Like many Villa supporters, I’d spent most of the week in nervous anticipation. Everton looked a crucial fixture, but their visit to Villa Park brought with it huge uncertainty. Which Villa, indeed, which Everton, might turn up?
As with any Villa game these days you are sure of a white knuckle experience. Over 90 minutes we’d give Alton Towers a run for their money.
The first half was sheer dominence from Villa. Whilst there was undoubtedly a sniff of end of season for Everton, they couldn’t contain us.
I’m always pleased to see Naismith on their teamsheet. A trier and a nuisance he may be, I felt confident that Delph, Westwood and Cleverley could out football their midfield. And so it proved.
As is becoming a common joy , Villa have begun dictating play to the opposition. It’s a distant, albeit baffling reality that these are the same players Lambert de-flaired.
Villa took the game to Everton and pressed. Delph lifted a high cross to Benteke who headed with precision beyond the faultless Howard.
Vlaar, out of sorts all day for my money, then missed a free header. A huge sitter went begging. A look at the Gods, kick the upright kind of miss…
Benteke then doubled the advantage, latching athletically onto a flicked cross and stabbing into the top corner. Jubilant scenes; suspect Everton marking.
Half time, superb. Given wouldnt be requiring so much as a drink, so unworked was he.
Villa started positively after the break, Grealish caught the eye with slick passing moves and ghosting between the opposition. I am the first to be cautious, but with the right nurturing, he could be quite a player for Aston Villa. Grealish was a joy to watch yesterday.
And then for our obligatory conceding of a soft penalty.
Vlaar was the victim, lured into a challenge that was duly accepted, gift wrapped.
Mark Clattenberg reacted with joy at being able to award the spot kick against Villa. More on his ineptitude later.
Lukaku stepped up and slotted home. Plum in the corner, despite Givens’s best efforts to reach it.
Ah….squeeky bum time. How we’d missed it?
Villa are a changed team but still prone to moments of panic. Composure gave way to frantic chases as Everton countered. Seemingly straightforward clearances became excruciating penalty area scrambles. Vlaar was guilty of a desperate pullback when beaten just inches from the box. He was rightly booked.
However, this in the new revived Villa. The old Villa would have not won from 2-1. We may have even lost.
Now, we take the game by the scruff and kick on.
Bacuna, who is becoming a talented assist merchant burst into space and threaded a scintilating ball to the advancing Cleverley. The United loanee gave Howard no chance, lashing a dipping drive over him. Rapturous scenes on and off the pitch.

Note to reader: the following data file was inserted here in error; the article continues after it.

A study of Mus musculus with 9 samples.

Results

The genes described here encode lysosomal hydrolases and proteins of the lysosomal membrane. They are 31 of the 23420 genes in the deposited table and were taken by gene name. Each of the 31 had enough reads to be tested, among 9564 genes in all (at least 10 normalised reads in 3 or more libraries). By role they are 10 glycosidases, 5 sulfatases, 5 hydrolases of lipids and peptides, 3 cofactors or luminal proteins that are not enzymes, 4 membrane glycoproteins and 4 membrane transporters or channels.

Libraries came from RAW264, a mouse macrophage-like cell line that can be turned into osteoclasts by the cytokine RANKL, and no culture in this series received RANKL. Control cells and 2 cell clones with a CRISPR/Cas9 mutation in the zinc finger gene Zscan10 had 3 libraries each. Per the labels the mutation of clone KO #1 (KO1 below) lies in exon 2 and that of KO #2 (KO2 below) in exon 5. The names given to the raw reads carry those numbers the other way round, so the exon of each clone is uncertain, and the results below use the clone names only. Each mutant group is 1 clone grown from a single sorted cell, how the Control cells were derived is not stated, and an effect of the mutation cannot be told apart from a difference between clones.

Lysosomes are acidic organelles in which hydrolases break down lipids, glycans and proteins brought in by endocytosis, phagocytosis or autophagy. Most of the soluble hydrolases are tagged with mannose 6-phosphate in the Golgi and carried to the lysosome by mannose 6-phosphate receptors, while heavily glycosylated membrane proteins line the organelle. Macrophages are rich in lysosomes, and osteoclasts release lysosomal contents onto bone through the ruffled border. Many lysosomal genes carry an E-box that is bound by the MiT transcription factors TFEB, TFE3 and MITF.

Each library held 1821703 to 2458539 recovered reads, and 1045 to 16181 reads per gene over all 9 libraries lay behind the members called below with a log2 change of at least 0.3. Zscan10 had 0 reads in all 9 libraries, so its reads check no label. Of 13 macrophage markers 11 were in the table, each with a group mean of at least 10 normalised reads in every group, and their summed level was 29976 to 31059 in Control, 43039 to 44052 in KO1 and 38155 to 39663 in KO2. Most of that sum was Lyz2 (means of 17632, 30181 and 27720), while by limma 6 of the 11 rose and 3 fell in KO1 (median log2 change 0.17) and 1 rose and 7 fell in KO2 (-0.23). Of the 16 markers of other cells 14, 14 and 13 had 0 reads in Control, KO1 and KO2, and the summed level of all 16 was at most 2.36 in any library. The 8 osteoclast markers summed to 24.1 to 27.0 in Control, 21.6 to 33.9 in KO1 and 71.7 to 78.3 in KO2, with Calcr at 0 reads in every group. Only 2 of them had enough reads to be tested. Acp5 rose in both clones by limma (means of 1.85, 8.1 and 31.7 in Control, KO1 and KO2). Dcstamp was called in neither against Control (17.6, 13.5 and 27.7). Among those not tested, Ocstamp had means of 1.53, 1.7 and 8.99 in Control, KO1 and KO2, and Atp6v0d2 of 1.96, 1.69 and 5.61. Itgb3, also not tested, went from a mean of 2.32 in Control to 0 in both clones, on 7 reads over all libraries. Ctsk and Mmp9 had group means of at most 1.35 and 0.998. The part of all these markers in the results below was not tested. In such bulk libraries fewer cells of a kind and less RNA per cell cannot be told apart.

Whilst Bacuna is showing the ability we suspected he had, Cleverley is a revelation.
Tom Cleverley is a changed man. So maligned at Man Utd, the standing joke of England squads and pre-Sherwood, absolutely anonymous for Aston Villa.
Now, he is vital to Aston Villa. I see movement and a range of passing that we simply dont otherwise possess. He also has a frightening work ethic and now the desire to bomb forward. It’s such a contrast and change in fortunes.
Villa then conceded one of the more bizarre goals of the season. A looped ball was neither dealt with by Given or met by the advancing Everton striker.
It preceded to drop horribly from the heavens, striking the front of the bar, Given lay claiming a foul, whilst Jagielka nodded in, almost missing from a yard, striking the underside of the bar with his header.
Cue a moment of uncertainty as Villa Park realised we would be watching the remainder of the game through our fingers. And whilst terrifying, we saw the game out to secure a massive win.
Massive in the sense that the results around us warranted an immediate response. Leicester’s unforseen resurrection has added an extra team to the party, whilst Sunderland have life in them. Who knows about Hull…and what about Newcastle?
It certainly cannot be a bad thing to be sitting 14th rather than staring upwards from third bottom. The margins are fine, Sherwood has to be commended for meeting them, especially given our bleak outlook following his arrival.
A quick mention for Mark Clattenberg. A baffling display from an alleged professional official. If he wasn’t over familiar with certain players, he was inconsistent, erratic use of advantage and an all round bizarre set of decisions. This must be obvious to players, that they are being refereed by a complete and utter clown? All he lacked was the bells, whistles and his latest ticketmaster booking history to completely satisfy the jury.
Joking aside, he almost ruined the fixture, oblivious where intervention was warranted, whilst unable to judge straightforward matters across 90 minutes. Poor.
Everton always travel well and fall into a catagory of team I like playing. Not because Villa necessarily do well, the spoils are fairly even over the years, but they are a proper club with proper fans. 200 top flight meetings is not just a chance statistic, it should remind other bankrolled clubs that class, heritage and history cannot be bought and paraded like mercenaries.
With that said Everton played an unusual style. I didnt want to draw an obvious comparison, but there were Wigan-esque hallmarks about the approach. There is undoubtedly talent in Lukaku and co, and whilst difficult to judge during an end of season game, some Everton fans annoyances with Martinez do appear in part justified. One imagines he needs a good start next term, or risk becoming maligned at Goodison.
Villa now head to Southampton with some optimism. We must keep the momentum going as the job isn’t quite complete. Hopefully we only need another victory, although it’s increasingly looking like two. Playing like we are now, we have a better chance than many of us thought imaginable just a few weeks ago.